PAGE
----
Oscar Actors: Jones, Shirley–Background, Career, Awards

Shirley Jones was born on March 31, 1934, in Charleroi, Pennsylvania, to Methodist parents Marjorie (née Williams), a homemaker, and Paul Jones, owners of the Jones Brewing Company. Jones’ paternal grandfather came from Wales. She was named after child star Shirley Temple.

The family later moved to Smithton, Pennsylvania. Jones began singing at the age of six in the Methodist Church choir and took voice lessons from Ralph Lewando. Upon attending South Huntingdon High School in Ruffs Dale, PA, she participated in school plays.

Beauty Contest

Jones won the Miss Pittsburgh contest in 1952.

Her first audition was for an open bi-weekly casting call held by John Fearnley, casting director for Rodgers and Hammerstein; at the time, Jones had never heard of them. Fearnley was so impressed, he ran across the street to fetch Richard Rodgers, who was rehearsing with an orchestra for an upcoming musical. Rodgers then called Oscar Hammerstein at home. The two saw great potential in Jones. She became the first and only singer to be put under personal contract with the songwriters. They first cast her in a minor role in     “South Pacific.” For her second Broadway show, “Me and Juliet,” she started as a chorus girl, and then an understudy for the lead role


Jones impressed Rodgers and Hammerstein with her musically trained voice, and she was cast as the female lead in the film adaptation of their hit musical “Oklahoma!” in 1955. Other film musicals included Carousel (1956), April Love (1957), and The Music Man (1962), in which she was typecast as a wholesome, kind character.

However, she won the 1960 Supporting Actress Oscar for her performance in Elmer Gantry as a woman corrupted by the title character played by Burt Lancaster. Her character becomes a prostitute who encounters her seducer years later and reveals his true character. Director Richard Brooks had originally fought against her, but after seeing her first scene, told her she would win an Oscar for her performance.

She was reunited with Ron Howard (who had played her brother in The Music Man) in The Courtship of Eddie’s Father (1963). Jones landed the role of a lady who fell in love with the professor in Fluffy (1965).

In her film career, she has worked with Jimmy Stewart, Gene Kelly, Marlon Brando, James Cagney, Henry Fonda, Frank Sinatra, Dean Martin and director John Ford.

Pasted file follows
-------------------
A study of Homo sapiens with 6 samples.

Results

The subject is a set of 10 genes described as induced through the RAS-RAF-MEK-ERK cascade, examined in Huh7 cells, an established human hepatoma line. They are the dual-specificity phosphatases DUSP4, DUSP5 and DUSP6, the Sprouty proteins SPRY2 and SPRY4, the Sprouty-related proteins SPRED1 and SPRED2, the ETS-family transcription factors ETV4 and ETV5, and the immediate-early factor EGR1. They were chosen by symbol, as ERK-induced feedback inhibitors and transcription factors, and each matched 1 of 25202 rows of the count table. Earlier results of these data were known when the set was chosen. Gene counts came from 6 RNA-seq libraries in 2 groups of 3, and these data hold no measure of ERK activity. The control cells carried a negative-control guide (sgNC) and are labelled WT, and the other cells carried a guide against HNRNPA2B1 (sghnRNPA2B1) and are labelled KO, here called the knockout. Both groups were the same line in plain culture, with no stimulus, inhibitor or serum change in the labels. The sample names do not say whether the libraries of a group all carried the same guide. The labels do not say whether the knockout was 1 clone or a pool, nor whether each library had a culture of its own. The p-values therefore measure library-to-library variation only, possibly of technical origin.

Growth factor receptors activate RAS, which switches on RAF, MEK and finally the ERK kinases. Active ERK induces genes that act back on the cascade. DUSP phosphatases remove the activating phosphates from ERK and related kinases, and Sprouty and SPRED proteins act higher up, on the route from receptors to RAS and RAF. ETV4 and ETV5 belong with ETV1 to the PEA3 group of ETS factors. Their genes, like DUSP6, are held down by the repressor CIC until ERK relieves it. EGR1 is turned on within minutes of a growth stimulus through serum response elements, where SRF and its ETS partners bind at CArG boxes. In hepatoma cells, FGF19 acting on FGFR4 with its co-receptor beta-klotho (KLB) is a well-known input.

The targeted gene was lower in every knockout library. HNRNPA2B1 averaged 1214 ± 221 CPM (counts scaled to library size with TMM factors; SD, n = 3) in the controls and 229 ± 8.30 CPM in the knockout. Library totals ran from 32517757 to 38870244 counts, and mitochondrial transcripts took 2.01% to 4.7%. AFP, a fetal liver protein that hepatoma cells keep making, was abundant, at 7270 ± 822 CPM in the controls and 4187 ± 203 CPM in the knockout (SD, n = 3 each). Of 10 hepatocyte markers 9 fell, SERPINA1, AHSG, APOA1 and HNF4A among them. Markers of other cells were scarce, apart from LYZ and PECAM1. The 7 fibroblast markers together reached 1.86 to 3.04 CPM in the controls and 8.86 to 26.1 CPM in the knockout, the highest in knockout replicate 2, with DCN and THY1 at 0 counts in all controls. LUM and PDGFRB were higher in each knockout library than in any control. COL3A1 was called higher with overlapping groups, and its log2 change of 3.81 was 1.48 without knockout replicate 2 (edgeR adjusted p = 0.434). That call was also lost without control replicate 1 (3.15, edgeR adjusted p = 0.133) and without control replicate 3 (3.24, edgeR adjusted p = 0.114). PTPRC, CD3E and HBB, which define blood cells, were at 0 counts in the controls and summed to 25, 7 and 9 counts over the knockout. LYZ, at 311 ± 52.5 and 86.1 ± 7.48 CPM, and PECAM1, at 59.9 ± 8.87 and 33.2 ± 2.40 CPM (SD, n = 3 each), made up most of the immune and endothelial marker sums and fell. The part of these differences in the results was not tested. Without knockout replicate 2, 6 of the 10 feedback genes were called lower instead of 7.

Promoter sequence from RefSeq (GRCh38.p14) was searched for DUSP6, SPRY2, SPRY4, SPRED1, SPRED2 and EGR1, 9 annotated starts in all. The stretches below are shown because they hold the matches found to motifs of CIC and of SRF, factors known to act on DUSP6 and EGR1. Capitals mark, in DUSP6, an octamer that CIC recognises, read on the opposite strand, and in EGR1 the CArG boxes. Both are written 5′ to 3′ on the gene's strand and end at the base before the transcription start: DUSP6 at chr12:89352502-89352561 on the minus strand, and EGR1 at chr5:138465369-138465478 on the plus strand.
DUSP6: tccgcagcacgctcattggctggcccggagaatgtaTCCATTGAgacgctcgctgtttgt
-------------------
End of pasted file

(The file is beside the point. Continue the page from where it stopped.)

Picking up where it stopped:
The Partridge Family

In 1970, after turning down the role of Carol Brady on The Brady Bunch, a role that ultimately went to Florence Henderson, Jones was the producers’ first choice to audition for the lead role of Shirley Partridge in “The Partridge Family,” an ABC musical sitcom based loosely on the real-life musical family The Cowsills. The series focused on a young widowed mother whose five children form a pop rock group after the entire family painted its signature bus to travel.

Jones realized that: “The problem with Partridge—though it was great for me and gave me an opportunity to stay home and raise my kids—when my agents came to me and presented it to me, they said if you do a series and it becomes a hit show, you will be that character for the rest of your life and your film career will go into the toilet, which is what happened. But I have no regrets.”

During its first season, it became a hit and was screened in over 70 countries. Within months, Jones and her co-stars were pop culture icons. Her real-life 20-year-old stepson David Cassidy, who was an unknown actor at the time, played Shirley Partridge’s eldest son Keith and became a teen idol.

Jones became the second person, after Frank Sinatra, and the first woman to win an acting Oscar and have a number-one hit on that chart, an achievement only matched by Cher and Barbra Streisand.